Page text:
Start-Up Alley

Start-up: Culture Genesis, USA, 2018

From the SoCal coast, a new kind of company has emerged that fuses content creation with app development and live video streaming.

While Santa Monica-based Culture Genesis might work with brands, its advertisers need to be the right fit for its formats, which are focused on very specific, underserved audiences. 

Cedric Rogers, who spent more than a decade at Apple, most recently as a developer relations exec on its mobile apps, and Shaun Newsum, an entrepreneur and video streaming specialist who has worked for the MLB and VEVO, are its co-founders. 

“We want to be able to operate as a studio, which makes hit apps in the same way a music studio makes hit albums,” Rogers explains. 

The firm’s debut offering is TriviaMob – a free live mobile game show app aimed at multicultural audiences with nods to the hip-hop TV show 106 & Park, as well as earlier quiz apps, such as HQ Trivia. 

Going live in the US every Sunday at 6pm West Coast and 9pm East Coast, TriviaMob audiences are invited to join one of two ‘mobs’, led by two presenters who talk their teams through ten multiple choice questions. 

Pick the winning mob and players can gain points, which earn them voucher codes and discounts. 

Players can also win up to $10,000 cash. The hosts, who work on a rotation, are often celebrities, including Culture Genesis’s creative director and Netflix’s American Vandal actor Melvin Gregg, as well as social media influencers who will promote the show across Twitter and Instagram. 

The game, which launched in mid-November, is targeted at Hispanic and African American audiences and was inspired by Nielsen data, which revealed that more than 70% of these groups identified themselves as gamers – in comparison to around 65% of the total population. 

Rogers adds that urban, multicultural audiences are already starting to make an impact on global culture in music, fashion and film, and the company, which has received funding from pre-seeder Muck Capital and Betaworks, hopes to capitalise on these trends through TriviaMob sponsors, including AKOO Clothing.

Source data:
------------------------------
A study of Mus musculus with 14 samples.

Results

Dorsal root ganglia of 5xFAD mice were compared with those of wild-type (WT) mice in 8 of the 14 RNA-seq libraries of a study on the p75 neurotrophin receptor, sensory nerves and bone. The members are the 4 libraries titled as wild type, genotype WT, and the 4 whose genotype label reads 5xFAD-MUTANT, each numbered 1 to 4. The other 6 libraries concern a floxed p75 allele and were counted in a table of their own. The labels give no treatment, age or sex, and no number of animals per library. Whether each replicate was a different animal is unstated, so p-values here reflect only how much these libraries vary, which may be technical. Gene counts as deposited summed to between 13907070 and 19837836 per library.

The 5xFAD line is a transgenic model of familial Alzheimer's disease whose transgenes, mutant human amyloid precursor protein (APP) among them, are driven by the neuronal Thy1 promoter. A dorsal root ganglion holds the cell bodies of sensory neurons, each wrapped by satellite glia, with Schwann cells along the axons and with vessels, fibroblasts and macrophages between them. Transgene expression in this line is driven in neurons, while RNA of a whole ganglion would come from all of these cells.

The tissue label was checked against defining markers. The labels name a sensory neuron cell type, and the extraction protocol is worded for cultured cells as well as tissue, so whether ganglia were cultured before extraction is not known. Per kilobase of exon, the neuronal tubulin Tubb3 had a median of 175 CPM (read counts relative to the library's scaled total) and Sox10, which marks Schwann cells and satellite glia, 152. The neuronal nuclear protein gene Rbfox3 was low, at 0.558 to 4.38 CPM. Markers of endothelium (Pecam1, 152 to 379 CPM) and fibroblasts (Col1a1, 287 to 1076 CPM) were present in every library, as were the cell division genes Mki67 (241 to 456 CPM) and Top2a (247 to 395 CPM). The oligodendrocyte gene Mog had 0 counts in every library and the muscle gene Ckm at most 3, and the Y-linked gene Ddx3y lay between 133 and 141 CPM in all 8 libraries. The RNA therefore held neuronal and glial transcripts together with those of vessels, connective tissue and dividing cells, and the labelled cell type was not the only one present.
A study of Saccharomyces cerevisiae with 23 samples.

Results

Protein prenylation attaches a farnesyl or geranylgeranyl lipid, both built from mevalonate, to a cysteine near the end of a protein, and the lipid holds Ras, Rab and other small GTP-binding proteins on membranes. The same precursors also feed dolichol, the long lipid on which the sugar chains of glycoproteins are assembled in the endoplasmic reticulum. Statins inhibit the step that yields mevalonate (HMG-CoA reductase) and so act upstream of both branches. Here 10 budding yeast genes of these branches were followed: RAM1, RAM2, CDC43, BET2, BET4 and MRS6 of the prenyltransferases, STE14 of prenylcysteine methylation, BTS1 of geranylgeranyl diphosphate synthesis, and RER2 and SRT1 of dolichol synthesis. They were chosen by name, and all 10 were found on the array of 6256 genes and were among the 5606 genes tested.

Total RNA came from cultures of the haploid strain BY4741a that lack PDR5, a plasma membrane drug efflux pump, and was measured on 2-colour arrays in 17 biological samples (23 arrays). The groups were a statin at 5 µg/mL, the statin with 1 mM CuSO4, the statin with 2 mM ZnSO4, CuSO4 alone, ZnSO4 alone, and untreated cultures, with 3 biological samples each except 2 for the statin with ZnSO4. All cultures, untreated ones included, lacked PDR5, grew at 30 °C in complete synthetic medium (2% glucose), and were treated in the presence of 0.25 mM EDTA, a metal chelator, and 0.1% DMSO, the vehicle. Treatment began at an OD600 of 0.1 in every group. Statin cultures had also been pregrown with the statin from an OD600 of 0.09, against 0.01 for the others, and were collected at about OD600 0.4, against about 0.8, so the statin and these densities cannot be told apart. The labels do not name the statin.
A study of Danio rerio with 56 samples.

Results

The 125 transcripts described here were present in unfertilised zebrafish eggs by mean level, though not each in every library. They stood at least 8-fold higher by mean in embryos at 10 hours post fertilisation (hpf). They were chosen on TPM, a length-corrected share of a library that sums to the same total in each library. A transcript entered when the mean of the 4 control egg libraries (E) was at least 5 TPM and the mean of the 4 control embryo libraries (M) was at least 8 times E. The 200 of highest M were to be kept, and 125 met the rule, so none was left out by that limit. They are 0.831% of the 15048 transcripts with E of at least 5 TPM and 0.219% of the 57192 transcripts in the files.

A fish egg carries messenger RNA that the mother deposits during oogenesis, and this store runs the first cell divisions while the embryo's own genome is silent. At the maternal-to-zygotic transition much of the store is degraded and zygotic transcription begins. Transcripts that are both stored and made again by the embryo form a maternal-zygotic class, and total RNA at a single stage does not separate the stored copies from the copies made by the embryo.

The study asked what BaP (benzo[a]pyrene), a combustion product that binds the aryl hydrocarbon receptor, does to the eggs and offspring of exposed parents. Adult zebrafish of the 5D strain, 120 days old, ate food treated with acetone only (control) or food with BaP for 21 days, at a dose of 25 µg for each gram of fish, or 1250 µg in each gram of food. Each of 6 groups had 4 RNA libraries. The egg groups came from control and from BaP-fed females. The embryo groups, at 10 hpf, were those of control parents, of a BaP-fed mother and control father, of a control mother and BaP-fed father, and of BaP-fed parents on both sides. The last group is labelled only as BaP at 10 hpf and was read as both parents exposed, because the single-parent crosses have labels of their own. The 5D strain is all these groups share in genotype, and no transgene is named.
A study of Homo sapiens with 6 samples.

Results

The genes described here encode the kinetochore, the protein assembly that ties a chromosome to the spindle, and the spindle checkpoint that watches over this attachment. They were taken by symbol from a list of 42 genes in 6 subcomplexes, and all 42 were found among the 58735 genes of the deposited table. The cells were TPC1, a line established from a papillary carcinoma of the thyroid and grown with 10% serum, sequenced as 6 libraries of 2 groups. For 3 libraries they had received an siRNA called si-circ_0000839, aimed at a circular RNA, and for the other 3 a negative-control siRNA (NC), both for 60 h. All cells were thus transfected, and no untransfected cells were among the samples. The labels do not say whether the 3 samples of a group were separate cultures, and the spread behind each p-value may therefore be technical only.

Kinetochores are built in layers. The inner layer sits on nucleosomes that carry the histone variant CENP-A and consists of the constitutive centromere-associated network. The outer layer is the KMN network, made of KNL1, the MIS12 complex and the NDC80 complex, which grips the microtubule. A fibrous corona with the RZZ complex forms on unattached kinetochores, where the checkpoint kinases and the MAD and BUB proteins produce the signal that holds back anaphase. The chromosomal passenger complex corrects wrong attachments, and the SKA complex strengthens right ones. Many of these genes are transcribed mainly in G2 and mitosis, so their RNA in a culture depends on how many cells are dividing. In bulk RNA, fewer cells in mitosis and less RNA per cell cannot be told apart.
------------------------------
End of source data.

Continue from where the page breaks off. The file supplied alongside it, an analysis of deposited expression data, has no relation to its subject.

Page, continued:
“We’re building software for an urban, multicultural audience that continues to lead and influence culture. We see this influence growing in Hollywood, but it’s not reflected in Silicon Valley. We want to accelerate this.”

“We’re building software for an urban, multicultural audience that continues to lead and influence culture.”

Newsum insists that although the firm makes content, which it produces in its own studios, the duo views the start-up as a “tech first” company. 

He adds: “We make content, but we are Consumer Internet – that’s the category – we are delivering on a live game show, but the technology to do that is pretty heavy.” 

Rogers also points out that it took three apps to make TriviaMob, led by James Gobert, the firm’s head of app development. The producer, Kenton Cummings, runs the game from a TV production app, while the presenters use the Teleprompter app. The third app is the consumer-facing app needed to play the game. “Development started in March and we’re currently working on an Android version,” Rogers adds. 

With even large-scale events such as the FIFA World Cup experiencing latency issues, live streaming is still unpredictable in terms of user experience, but Newsum says that feedback so far from the first three shows has been positive. 

“Live video is interesting – what may work smoothly for one user might not work for another,” explains Newsum. “There are lots of variables that can cause issues, but we have great reviews from those using home Wi-Fi. It’s harder to guarantee connectivity for those out and about – and I think this is where the growth of 5G networks will be very important for the growth of live-streaming apps.”

This article originally appeared in the December 2018 issue of FEED magazine.